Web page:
Alan was the man who had everything. Not just the successful career, the big house, and the beautiful wife, he also had a gadget for every occasion.
At a loss for what to buy him for birthdays and Christmas, Alan’s friends and family resorted to ever more eccentric gifts: a singing chef pasta timer, a salmon shaped fish steamer, and rainbow cutlery that changed colour when it came into contact with hot food.
Everyone thought he liked them, but his wife, Charlotte, knew that Alan never used these novelty gadgets; his only interest was in organising them.
He had whole drawers full of them in the kitchen, arranged in neat lines, and grouped by category. Alan loved things to be in order, in their own boxes and containers, and labelled where possible. He had even been known to keep the vegetable rack in alphabetical order: carrots at the top, descending through onions, potatoes, with turnips at the bottom.
Alan made no secret of this. On Charlotte’s first visit to Alan’s house, before they married, she had remarked how immaculate it was, despite being packed full of stuff. Alan had explained he rather liked cleaning, that there was “nothing as soothing as buffing up a piece of furniture until it gleamed.”
They lived a contented married life, buying things, arranging them, buying other things, just like everyone else they knew. They went on holiday twice a year, skiing in winter, tropical beaches in summer. Alan would plan these holidays with military precision, making careful lists of everything they needed to take. Counting out the exact number of multi-vitamins and putting them into a container labelled with the days of the week. Everything had its own separate bag or box in his luggage.
Then, one day, Alan decided it was time for the whole house to be decorated.
Scrolling online through photographs of showrooms with their white walls, Alan discovered an article on minimalism and a man who had given away the majority of his possessions. There was a picture of the man’s zen-like apartment. It was empty apart from the man, who sat cross-legged and serene on a mattress on the floor.
Alan told Charlotte the benefits fewer possessions would bring to their life: clearer thinking, fewer distractions, and because he would spend less time tidying, he would have more time to focus on the things that mattered. It all sounded laudable enough and Charlotte liked a clutter-free house as much as Alan did, but she wasn’t keen on giving away her piles of books and collection of vintage frocks.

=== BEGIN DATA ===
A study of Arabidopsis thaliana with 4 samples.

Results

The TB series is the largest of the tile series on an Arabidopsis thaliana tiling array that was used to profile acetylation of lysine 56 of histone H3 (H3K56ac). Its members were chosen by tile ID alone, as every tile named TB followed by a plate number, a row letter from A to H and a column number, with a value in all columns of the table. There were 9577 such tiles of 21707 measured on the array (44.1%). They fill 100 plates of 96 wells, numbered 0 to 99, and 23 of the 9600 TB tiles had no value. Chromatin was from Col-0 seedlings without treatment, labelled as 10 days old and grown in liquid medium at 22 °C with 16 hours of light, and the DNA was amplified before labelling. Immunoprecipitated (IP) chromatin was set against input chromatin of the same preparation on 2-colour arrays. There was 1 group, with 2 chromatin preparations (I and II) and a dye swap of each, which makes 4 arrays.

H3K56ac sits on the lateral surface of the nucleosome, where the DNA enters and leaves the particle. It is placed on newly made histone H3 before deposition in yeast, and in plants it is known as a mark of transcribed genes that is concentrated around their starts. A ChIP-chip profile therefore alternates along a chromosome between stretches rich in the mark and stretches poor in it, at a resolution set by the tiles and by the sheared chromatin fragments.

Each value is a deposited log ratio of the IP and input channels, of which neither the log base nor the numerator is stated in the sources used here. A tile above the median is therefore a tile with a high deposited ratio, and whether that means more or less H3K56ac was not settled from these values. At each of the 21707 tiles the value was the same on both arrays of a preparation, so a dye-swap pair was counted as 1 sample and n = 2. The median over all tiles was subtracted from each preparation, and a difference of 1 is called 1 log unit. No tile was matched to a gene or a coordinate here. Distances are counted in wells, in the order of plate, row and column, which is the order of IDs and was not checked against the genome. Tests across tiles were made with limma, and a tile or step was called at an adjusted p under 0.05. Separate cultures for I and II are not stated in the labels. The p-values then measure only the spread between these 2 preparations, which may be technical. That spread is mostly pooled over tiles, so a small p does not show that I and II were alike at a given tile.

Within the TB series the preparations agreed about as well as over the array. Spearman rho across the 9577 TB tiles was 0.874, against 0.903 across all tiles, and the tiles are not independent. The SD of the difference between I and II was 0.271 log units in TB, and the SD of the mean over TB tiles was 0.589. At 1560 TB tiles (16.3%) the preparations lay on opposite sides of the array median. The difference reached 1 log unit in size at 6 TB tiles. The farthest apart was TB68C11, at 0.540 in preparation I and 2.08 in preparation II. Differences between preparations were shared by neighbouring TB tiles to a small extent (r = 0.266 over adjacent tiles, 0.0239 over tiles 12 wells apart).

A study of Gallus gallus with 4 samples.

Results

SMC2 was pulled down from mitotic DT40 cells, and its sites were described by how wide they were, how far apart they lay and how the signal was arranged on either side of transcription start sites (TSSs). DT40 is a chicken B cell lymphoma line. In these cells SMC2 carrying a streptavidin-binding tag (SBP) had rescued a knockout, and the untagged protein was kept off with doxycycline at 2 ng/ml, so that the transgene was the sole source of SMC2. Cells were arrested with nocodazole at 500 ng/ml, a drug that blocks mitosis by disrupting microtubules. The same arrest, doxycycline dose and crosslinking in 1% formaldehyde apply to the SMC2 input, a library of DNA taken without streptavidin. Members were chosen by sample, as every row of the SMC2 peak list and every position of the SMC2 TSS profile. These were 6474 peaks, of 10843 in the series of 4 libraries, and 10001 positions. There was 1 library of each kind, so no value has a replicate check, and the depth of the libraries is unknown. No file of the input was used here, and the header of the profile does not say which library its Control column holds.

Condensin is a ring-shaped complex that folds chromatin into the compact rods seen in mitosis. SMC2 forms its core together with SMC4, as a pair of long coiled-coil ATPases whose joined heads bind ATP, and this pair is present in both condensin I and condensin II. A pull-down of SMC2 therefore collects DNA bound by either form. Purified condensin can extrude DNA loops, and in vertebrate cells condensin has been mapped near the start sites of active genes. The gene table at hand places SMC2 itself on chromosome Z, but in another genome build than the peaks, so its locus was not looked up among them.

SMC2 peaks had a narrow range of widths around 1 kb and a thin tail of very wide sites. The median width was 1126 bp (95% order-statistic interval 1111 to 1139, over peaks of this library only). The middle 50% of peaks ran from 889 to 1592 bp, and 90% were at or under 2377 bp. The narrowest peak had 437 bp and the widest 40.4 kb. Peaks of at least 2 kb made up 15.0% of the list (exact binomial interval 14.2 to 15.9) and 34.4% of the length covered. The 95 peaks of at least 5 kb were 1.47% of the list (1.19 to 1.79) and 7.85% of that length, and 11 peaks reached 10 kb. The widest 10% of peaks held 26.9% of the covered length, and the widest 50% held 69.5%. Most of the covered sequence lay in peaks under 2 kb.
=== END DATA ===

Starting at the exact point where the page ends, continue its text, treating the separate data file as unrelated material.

“Maybe just get rid of some of those silly gadgets in the kitchen drawers, that would be a good start,” she suggested.
Alan started small. He gave away most of his clothes, books, and records to charity, then gradually he began to whittle away more and more. He sold his car, his golf clubs, his skis. Chairs disappeared, pictures and ornaments vanished. Then he started on the soft furnishings. After Alan gave her basket away, the cat moved in with the next-door neighbours: they had never heard of minimalism and had lots of comfy cushions for afternoon snoozing. Charlotte bought a padlock for her wardrobe and hid her treasured books. Their friends started muttering about Alan having a mid-life crisis.
Charlotte went away for a couple of days to visit a friend, to complain that Alan was more interested in making the bedroom into a temple of emptiness, than in making love. Her friend agreed that the loss of the bed probably didn’t help.
When she returned, Charlotte discovered the kitchen was almost empty, all the gadgets had vanished and all the kitchen appliances apart from the kettle had gone. Alan still liked a nice cup of tea.
Alan had now reduced the contents of his wardrobe to six outfits, one for each day of the week — and one for weekends. He had read that this was the optimal number. Each day he had a different coloured shirt, from Monday’s sombre grey pinstripe to the bright purple and white check for Saturdays and Sundays. Alan never, ever, wore Wednesday’s white shirt on any other day.
The more Alan reduced his stuff, the less Alan there seemed to be. When Charlotte saw Tuesday’s green shirt and black trousers wafting through the living room, it would remind her that Alan was still there. He had always been the silent type, but now it seemed he had less and less to say. He had also started whispering, so it was becoming harder to hear him.
Charlotte was worried; as their home emptied, she noticed that Alan was looking paler than ever. In fact, since he had painted all the walls and floors in the house white, he had been looking quite ghostly. Maybe it was the way the paintwork reflected off his skin.
On the morning of Alan’s fiftieth birthday, Charlotte woke up in bed alone. The house was very quiet. She tiptoed to the spare bedroom where Alan had started doing his early morning yoga and meditation.
The bedroom windows were thrown wide open, the curtains flapping in the breeze. On the yoga mat, lay Thursday’s sky-blue t-shirt and navy trousers, neatly folded.
There was no sign of Alan.
Charlotte closed the windows, shutting out the noise on the street outside. It was then that she noticed Alan’s wedding ring on the windowsill. It had been polished until it gleamed and it was sitting on top of the little box Alan used when they went on holiday. She picked it up, it was still warm. It was one of his habits, ever wary of swollen joints, he always removed his wedding ring before a flight, just before take-off.
Terri Mullholland is a writer and researcher living in London, UK. She has a PhD from the University of Oxford, where she has taught English Literature and Critical Theory. Her flash fiction has appeared in Litro and Flash Fiction Magazine.